In a world where investor confidence has been shattered by massive mismanagement by top executives in the banking, insurance, mortgage lending, stock brokerage and auto industry fields, now comes the greatest Ponzi scheme in history. Bernard Madoff has reportedly admitted and is accused of bilking experienced investors worldwide out of an estimated $50 billion. There are many aspects of this case that are simply astounding. First is the sheer amount of money involved…$50 billion. Next is the number of years Madoff was able to keep the scheme going without getting caught. Finally, it’s amazing the number of so-called sophisticated investors that were caught in his web of deceit. As a former chairman of the NASDAQ Stock Exchange, investors and regulators alike viewed his credentials and reputation as impeccable.
- The single biggest safety guard for protecting yourself is to make certain that your custodian, the company where your money is held, is separate from your investment advisor. In the Madoff case, his company served as investment advisor and also held the client assets. Client statements were controlled, and falsified, by Madoff. The key here is to make sure your statements are being produced by a third-party custodian such as Charles Schwab, Fidelity, or Vanguard.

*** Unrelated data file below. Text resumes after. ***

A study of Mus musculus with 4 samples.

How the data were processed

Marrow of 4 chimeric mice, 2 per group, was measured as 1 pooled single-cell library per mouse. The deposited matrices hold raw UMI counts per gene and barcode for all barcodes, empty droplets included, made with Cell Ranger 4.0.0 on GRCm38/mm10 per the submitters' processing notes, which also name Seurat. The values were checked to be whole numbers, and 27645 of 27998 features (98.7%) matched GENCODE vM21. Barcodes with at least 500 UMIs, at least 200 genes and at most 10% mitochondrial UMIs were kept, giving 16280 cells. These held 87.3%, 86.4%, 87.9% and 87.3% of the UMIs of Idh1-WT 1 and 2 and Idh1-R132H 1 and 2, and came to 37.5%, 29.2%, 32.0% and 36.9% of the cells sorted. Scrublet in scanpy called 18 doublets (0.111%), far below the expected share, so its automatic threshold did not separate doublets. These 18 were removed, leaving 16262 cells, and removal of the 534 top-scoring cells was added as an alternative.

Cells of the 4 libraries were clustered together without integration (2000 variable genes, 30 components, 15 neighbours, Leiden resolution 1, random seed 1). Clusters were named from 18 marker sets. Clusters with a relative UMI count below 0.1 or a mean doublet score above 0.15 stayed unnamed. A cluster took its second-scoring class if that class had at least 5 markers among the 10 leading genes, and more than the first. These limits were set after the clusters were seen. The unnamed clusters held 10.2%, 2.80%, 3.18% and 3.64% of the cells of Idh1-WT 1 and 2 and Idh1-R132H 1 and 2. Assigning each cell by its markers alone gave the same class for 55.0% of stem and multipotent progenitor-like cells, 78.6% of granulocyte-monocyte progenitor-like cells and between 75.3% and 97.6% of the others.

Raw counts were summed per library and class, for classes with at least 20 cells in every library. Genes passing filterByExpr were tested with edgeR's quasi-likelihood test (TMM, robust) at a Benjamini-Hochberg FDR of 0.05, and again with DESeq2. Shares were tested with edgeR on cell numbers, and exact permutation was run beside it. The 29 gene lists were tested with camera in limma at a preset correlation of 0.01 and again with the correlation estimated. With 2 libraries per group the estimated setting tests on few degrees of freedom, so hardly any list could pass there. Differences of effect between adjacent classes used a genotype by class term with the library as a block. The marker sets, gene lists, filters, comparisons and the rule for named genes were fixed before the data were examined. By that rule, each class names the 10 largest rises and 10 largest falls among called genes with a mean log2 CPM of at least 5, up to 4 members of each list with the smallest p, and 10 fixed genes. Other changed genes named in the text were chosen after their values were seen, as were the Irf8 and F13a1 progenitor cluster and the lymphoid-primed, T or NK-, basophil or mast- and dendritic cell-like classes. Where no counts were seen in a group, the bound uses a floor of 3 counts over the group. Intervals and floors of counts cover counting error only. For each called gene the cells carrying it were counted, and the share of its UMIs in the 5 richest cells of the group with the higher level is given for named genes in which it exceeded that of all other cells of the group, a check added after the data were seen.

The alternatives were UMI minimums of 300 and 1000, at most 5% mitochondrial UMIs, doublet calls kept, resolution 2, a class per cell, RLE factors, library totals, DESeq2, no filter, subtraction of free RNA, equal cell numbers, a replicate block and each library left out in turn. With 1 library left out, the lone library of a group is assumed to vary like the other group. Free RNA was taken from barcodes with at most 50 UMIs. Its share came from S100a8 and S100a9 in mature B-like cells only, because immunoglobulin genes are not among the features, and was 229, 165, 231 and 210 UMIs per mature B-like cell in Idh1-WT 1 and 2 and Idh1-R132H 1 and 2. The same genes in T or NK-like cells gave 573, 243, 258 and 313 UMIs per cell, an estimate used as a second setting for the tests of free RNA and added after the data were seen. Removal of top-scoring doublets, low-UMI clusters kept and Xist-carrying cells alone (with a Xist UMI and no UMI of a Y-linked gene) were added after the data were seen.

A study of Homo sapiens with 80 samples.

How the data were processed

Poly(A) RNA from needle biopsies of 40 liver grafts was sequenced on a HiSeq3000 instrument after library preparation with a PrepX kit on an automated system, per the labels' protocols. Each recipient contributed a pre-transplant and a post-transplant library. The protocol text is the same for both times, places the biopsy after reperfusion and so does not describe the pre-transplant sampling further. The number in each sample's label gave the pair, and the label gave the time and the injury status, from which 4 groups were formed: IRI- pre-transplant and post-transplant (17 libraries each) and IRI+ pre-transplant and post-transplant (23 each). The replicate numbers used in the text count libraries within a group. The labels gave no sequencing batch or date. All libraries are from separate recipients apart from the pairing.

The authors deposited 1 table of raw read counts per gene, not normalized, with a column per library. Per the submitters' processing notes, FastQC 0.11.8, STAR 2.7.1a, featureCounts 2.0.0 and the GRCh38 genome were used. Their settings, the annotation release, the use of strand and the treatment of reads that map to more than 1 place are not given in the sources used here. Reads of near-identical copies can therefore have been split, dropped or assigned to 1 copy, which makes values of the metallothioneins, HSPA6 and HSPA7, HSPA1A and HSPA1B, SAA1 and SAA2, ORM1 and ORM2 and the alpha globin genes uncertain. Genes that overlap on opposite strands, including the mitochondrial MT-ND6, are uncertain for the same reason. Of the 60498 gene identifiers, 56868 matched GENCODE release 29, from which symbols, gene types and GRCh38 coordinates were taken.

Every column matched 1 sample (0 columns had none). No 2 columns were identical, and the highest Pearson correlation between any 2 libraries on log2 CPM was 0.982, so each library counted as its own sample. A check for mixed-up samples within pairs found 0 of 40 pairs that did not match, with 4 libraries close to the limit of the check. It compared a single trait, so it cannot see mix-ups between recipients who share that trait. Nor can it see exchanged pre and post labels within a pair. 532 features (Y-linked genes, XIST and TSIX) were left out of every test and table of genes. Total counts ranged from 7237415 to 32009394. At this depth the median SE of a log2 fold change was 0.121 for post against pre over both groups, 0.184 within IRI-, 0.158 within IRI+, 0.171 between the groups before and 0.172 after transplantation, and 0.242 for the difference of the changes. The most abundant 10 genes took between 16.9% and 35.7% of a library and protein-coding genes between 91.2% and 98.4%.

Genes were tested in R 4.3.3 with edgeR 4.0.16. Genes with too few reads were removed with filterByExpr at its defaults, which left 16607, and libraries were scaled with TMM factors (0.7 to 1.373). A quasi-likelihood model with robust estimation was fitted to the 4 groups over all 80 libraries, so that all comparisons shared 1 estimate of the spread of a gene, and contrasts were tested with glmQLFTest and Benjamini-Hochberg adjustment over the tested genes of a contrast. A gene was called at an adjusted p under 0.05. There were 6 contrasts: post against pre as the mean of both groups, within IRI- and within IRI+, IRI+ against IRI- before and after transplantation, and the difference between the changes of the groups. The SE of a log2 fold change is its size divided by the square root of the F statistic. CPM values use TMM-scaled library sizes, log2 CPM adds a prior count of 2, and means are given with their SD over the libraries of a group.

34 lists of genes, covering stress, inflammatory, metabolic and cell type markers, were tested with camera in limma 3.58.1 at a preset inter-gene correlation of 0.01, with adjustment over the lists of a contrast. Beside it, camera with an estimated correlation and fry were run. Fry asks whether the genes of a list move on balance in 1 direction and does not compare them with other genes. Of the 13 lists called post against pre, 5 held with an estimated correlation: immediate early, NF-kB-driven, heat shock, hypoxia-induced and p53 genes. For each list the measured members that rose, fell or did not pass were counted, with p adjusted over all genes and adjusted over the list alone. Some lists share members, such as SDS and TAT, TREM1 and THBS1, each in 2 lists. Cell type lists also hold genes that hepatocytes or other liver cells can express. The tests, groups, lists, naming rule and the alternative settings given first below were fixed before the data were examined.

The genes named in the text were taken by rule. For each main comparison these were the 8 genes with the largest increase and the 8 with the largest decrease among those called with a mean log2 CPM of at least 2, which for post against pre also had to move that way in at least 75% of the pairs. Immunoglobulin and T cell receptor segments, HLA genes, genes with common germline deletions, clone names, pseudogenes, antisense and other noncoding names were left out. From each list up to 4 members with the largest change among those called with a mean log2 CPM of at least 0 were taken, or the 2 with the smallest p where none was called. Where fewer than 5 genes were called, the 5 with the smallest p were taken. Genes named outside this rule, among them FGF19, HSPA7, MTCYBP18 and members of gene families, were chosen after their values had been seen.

- Be sure to review your statements. Too often, people ignore their statements assuming all the details are being taken care of by their investment advisor. When reviewing your statements, look for security purchases or sales that appear contrary to your agreed-upon investment strategy. If you find anything unusual, contact your advisor immediately for an explanation. If you do not receive a satisfactory answer, speak with your investment advisor’s supervisor or, if necessary, a securities regulator or simply move the account to another advisor. In Madoff’s case, his returns were too ‘steady’ showing earnings of approximately 1% per month for years. In the stock market world, that should have raised many red flags.
- Understand the relationship with your advisor. Many advisors have a fiduciary responsibility to their employer, not you. One group, Certified Financial Planners (www.cfp-board.org), are required to have a fiduciary relationship with you, the client. While this direct fiduciary link is not a guarantee against fraud or a guarantee of competence, it is a giant leap in the right direction.